A health body has been handed a six-figure penalty after publishing sensitive personal details of more than 1,000 NHS staff on the internet.
Employees with the Torbay Care Trust (TCT) in Devon found details of their sexual orientation and religious beliefs were published online, alongside their name, date of birth, pay scale and National Insurance number. It did not contain any patient or clinical data, the trust said.
TCT was handed a £175,000 penalty today, following the investigation by the Information Commissioner's Office (ICO), which described the data breach as "serious" and "extremely troubling".
The ICO said the trust published the information in a spreadsheet on its website in April 2011, and only spotted the mistake when it was reported by a member of the public 19 weeks later.
It was estimated that the spreadsheet was viewed 300 times during that period, although investigators were unable to identify all of those who accessed the information.
The ICO's investigation found that the trust had no guidance for staff on what information should not be published online and had inadequate checks in place to identify potential problems.
Stephen Eckersley, ICO head of enforcement, said: "The fact that this breach was caused by Torbay Care Trust publishing sensitive information about their staff is extremely troubling and was entirely avoidable.
"Not only were they giving sensitive information out about their employees but they were also leaving them exposed to the threat of identity fraud.
"While organisations can publish equality and diversity information about staff in an aggregated form, there is no justification for unnecessarily releasing their personal information. We are pleased that the trust is now taking action to keep its employees' details secure."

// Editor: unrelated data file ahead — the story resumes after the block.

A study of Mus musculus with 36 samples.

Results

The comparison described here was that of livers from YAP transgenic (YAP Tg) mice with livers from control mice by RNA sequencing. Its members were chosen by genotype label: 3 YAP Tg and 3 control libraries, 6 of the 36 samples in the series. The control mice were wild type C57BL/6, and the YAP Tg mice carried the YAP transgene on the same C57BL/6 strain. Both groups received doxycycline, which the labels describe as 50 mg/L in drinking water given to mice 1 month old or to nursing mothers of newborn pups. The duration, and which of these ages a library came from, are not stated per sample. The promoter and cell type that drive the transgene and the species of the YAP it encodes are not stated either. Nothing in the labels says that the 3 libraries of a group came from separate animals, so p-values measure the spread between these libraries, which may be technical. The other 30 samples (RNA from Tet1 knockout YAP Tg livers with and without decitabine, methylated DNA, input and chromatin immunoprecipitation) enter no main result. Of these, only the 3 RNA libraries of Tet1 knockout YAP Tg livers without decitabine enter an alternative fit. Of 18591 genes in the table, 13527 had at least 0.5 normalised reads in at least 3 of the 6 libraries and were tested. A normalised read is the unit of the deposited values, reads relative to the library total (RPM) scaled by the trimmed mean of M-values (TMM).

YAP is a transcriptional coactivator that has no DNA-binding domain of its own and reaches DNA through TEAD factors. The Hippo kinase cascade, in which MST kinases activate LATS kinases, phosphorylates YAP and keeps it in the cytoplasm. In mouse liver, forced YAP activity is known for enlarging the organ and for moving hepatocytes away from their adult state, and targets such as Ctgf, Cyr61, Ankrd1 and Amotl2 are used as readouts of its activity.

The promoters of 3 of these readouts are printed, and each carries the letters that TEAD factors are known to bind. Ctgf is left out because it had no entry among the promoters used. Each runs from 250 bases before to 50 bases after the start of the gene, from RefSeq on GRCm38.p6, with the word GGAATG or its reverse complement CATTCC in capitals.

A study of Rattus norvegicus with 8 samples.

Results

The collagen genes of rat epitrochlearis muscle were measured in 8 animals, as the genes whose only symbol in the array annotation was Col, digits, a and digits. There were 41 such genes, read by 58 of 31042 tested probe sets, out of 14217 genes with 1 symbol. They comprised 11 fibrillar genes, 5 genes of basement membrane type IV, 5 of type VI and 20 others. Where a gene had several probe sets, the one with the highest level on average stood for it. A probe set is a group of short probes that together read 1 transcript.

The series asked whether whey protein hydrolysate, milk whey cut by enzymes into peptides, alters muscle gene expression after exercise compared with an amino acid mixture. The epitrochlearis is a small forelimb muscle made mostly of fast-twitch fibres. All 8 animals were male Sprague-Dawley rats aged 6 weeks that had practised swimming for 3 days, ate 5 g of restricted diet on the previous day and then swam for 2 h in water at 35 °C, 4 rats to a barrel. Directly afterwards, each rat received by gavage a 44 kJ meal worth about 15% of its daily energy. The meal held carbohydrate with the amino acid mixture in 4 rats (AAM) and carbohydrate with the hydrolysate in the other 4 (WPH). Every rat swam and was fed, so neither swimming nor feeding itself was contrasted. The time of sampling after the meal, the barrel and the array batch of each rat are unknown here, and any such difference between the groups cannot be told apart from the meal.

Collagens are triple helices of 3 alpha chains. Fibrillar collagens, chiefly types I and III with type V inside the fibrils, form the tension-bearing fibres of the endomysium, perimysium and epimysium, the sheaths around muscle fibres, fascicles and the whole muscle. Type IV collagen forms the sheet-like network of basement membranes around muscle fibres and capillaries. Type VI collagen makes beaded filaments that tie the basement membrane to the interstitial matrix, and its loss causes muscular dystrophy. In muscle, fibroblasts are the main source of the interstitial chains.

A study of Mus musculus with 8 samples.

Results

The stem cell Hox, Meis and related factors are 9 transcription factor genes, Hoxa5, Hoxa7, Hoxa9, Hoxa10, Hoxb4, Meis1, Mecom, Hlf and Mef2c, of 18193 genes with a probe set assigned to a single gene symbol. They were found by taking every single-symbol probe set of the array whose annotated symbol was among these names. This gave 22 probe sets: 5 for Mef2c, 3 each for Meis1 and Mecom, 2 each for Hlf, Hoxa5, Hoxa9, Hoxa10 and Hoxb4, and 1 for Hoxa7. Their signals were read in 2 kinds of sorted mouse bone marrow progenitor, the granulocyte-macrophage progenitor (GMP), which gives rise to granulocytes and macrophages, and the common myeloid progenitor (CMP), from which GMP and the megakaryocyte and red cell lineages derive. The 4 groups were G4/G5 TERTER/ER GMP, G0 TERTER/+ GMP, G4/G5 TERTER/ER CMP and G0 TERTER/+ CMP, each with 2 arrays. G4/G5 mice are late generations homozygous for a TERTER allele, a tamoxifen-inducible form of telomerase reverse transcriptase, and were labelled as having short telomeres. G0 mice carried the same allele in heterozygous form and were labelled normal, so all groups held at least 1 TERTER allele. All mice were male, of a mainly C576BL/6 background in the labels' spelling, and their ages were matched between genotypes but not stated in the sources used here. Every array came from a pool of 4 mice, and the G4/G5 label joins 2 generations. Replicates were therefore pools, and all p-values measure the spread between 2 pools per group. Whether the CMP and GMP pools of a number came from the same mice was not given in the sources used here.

In its report, the ICO adds: "The contravention (of security) is serious because (the trust's data protection policies) did not ensure a level of security appropriate to the harm that might result from such unauthorised processing.
"If the data has in fact been accessed by untrustworthy third parties then it is likely that the contravention would cause further distress and also substantial damage to the data subjects such as exposing them to identity fraud and possible financial loss."
The ICO said it had not received any complaints from NHS employees, adding that it was not aware of any previous data breaches at the trust, which has now introduced a new web management policy to make sure personal data is not mistakenly published on the internet.
Apologising to staff, TCT chief executive Anthony Farnsworth said: "This was an organisational issue, in which the absence of sufficient checks within our processes made an error possible, and we have treated this with the utmost seriousness.
"We have since implemented far more robust procedures for managing staff information to make this more secure, and to remove the risk of any such incidents occurring in the future.
"We are of course disappointed that the Information Commissioner has found it necessary to impose a fine for this incident, but we accept the findings. Provision was made to potentially pay such a fine, so there is no affect on budgets for staff, or health and social care services.
"I would like to apologise, again, to these individuals for any concern that has been caused."
Civil liberties campaigners have condemned the body's decision to hold employees' personal information.
Nick Pickles, director of Big Brother Watch, said: "The best way to protect people's privacy is for only absolutely necessary information to be held. Why was a single record of people's salary, sexual orientation and religious views ever created?
"While fining the organisation does send a message to senior management, it is clear that some frontline staff are not taking these issues seriously and far more needs to be done to hold to account those responsible for errors and improve standards to stop small errors having a significant impact on patient privacy."